Also known as: Mhacha
Macha, ancient, powerful horse goddess of fighting and fertility, is among the most important deities of ancient Ireland. Along with the Badbh and the Morrigan, Macha is among a group of goddesses concerned with Ireland’s prosperity, welfare and safety.
Macha is simultaneously one and three mythic figures:
* Wife of Nemedh, leader of the Third Invasion of Ireland. She died of a broken heart after foreseeing Ireland’s destruction.
* Ireland’s warrior queen, who established Ulster’s pre-Christian political center, Emhain Macha, which means “Macha’s twins.”
* The divine bride of the mortal Ulster widower, Crunnchu.
Macha’s third and most famous incarnation features in a mysterious myth: Crunnchu, a wealthy widower, was very lonely until the day a beautiful woman (Macha) sat down at his hearth. She spent the day performing his household chores without ever saying a word, or at least not that first day. At night she accompanied him to bed and made love with him. She stayed; he prospered; they were happy; she conceived.
All was well until Ulster’s annual assembly loomed, attended by crowds from all over Ireland. Crunnchu wished to go but Macha begged him to stay home. She warned that his departure would lead to tragedy, but he insisted. Finally she agreed with the proviso that he must not say a word about her or their union. He gave his word and left while she stayed home.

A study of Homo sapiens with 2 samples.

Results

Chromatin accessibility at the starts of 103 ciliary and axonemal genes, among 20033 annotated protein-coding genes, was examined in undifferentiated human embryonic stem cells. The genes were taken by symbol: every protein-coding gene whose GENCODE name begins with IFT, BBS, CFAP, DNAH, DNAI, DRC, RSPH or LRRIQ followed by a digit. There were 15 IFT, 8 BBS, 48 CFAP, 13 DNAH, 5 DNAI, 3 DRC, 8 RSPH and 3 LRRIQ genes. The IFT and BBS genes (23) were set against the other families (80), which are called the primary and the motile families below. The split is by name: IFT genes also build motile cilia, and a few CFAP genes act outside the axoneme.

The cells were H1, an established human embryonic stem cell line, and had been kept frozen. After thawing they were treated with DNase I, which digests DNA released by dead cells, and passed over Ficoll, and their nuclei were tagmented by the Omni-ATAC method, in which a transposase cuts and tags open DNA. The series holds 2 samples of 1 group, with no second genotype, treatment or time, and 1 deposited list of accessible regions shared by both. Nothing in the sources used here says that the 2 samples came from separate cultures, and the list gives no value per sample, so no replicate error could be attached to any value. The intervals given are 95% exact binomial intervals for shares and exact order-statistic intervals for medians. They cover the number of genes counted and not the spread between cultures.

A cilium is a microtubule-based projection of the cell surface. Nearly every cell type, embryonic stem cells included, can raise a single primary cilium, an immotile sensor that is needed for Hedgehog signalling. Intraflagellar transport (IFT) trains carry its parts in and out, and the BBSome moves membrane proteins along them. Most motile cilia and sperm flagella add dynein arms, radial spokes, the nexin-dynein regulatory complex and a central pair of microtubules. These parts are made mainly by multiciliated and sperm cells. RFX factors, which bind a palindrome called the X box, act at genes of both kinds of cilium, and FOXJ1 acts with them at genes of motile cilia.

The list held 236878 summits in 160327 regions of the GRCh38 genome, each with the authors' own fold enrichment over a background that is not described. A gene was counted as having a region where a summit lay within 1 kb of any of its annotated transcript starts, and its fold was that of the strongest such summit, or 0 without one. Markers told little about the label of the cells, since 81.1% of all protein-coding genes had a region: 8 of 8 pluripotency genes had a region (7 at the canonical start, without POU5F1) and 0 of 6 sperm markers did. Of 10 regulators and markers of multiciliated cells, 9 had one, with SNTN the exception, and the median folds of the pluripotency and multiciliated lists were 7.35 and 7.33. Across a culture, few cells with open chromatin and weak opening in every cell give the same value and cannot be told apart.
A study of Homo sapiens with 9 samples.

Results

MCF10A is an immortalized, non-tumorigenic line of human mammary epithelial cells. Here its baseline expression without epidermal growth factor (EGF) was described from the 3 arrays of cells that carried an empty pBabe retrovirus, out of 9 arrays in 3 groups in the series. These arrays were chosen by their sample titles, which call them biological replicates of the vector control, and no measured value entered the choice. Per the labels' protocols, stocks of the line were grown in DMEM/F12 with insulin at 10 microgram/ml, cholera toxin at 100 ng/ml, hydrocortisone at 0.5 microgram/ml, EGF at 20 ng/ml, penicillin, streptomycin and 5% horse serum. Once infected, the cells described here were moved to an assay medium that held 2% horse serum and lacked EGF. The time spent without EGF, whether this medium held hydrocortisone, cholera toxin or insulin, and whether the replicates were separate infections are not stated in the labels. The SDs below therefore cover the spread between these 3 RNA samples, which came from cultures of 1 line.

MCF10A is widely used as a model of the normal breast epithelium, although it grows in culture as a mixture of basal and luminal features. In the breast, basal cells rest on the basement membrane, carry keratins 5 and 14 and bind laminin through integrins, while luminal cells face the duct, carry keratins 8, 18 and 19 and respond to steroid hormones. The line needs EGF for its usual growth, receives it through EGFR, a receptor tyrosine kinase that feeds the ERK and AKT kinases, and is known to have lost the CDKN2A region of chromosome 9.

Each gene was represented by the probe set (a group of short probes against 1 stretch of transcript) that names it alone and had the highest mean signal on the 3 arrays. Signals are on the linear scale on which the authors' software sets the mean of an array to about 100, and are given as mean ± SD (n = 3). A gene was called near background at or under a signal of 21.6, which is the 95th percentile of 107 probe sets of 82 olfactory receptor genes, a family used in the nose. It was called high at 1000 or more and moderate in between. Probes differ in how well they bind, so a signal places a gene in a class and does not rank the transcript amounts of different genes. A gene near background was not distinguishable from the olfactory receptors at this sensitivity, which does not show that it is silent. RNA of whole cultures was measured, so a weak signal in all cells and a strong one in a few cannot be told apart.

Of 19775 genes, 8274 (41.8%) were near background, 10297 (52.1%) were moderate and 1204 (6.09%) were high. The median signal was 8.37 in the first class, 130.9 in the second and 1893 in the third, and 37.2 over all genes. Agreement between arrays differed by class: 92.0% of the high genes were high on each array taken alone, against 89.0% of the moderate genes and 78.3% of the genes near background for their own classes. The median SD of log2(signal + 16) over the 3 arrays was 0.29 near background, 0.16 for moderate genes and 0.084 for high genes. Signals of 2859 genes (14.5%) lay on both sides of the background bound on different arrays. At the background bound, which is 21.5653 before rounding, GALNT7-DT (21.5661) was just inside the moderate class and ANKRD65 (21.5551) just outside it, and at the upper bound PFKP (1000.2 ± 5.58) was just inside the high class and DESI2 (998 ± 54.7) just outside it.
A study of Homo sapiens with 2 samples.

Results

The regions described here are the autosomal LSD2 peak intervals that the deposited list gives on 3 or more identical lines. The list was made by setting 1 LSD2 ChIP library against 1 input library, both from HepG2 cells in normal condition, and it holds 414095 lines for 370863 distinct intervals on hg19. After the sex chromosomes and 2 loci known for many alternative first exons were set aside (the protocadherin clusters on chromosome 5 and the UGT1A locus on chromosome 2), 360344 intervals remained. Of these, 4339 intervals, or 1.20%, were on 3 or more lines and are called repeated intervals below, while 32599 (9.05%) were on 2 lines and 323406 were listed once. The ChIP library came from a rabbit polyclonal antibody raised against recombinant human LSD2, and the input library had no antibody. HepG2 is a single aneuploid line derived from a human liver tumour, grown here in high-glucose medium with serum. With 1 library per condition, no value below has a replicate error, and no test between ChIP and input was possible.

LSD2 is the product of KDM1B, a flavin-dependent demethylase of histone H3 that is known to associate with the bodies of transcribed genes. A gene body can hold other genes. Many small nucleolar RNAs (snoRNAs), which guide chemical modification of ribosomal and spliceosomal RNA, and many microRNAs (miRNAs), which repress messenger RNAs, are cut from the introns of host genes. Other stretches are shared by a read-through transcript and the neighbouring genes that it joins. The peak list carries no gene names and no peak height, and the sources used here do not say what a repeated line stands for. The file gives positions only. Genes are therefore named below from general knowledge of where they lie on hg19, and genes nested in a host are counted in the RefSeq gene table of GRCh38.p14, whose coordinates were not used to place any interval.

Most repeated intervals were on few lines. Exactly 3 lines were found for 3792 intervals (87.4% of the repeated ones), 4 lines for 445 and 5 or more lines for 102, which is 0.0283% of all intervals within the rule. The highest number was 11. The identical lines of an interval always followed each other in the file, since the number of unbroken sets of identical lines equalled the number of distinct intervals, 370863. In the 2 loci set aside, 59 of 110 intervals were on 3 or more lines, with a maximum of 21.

The assembly featured a great horse race, which the king’s horses won. Onlookers and sycophants extravagantly praised the horses until finally Crunnchu, just unable to resist, cried out, “My wife runs faster than those two horses!” It may seem like an innocent boast, but the king ordered Crunnchu trussed up and Macha rounded up to race his prize horses. Macha, already in labor, refused to go until told her husband would be killed if she didn’t. Arriving at the scene, she begged the assembled bystanders for help, crying, “Because a mother bore each of you,” but to no avail. She begged the king for a delay until after she gave birth, also to no avail. He insisted she race.
Macha won her race readily, giving birth to twins before the king’s horses even reached the finish line. Suddenly all the men assembled were stricken with weakness as, just before she died, Macha delivered a curse. (A deathbed curse is considered the most lasting and difficult to break.) Her curse applies only to men: whenever danger or oppression strikes, men who did not help her or put the sacred right of motherhood above a king’s pride are doomed to be as vulnerable and helpless as a birthing woman for five days and four nights until the ninth generation. The only warrior exempt from Macha’s curse is Cu Chulain, whose horse is named the Grey of Macha.
An analysis of Macha’s myth is found in Mary Condren’s The Serpent and The God dess (Harper & Row, 1989). Although her myth describes her “death”, Macha is a living goddess who is very beloved by modern Wiccans and Neo-Pagans. She is a fierce spirit of protection, fertility, and righteous ness.
Sacred site: Emhain Macha, Ulster’s ancient capital, was named in her honor, as was Armagh, the county and city in Northern Ireland, whose name derives from the Gaelic Ard Mhacha: “Height of Macha.”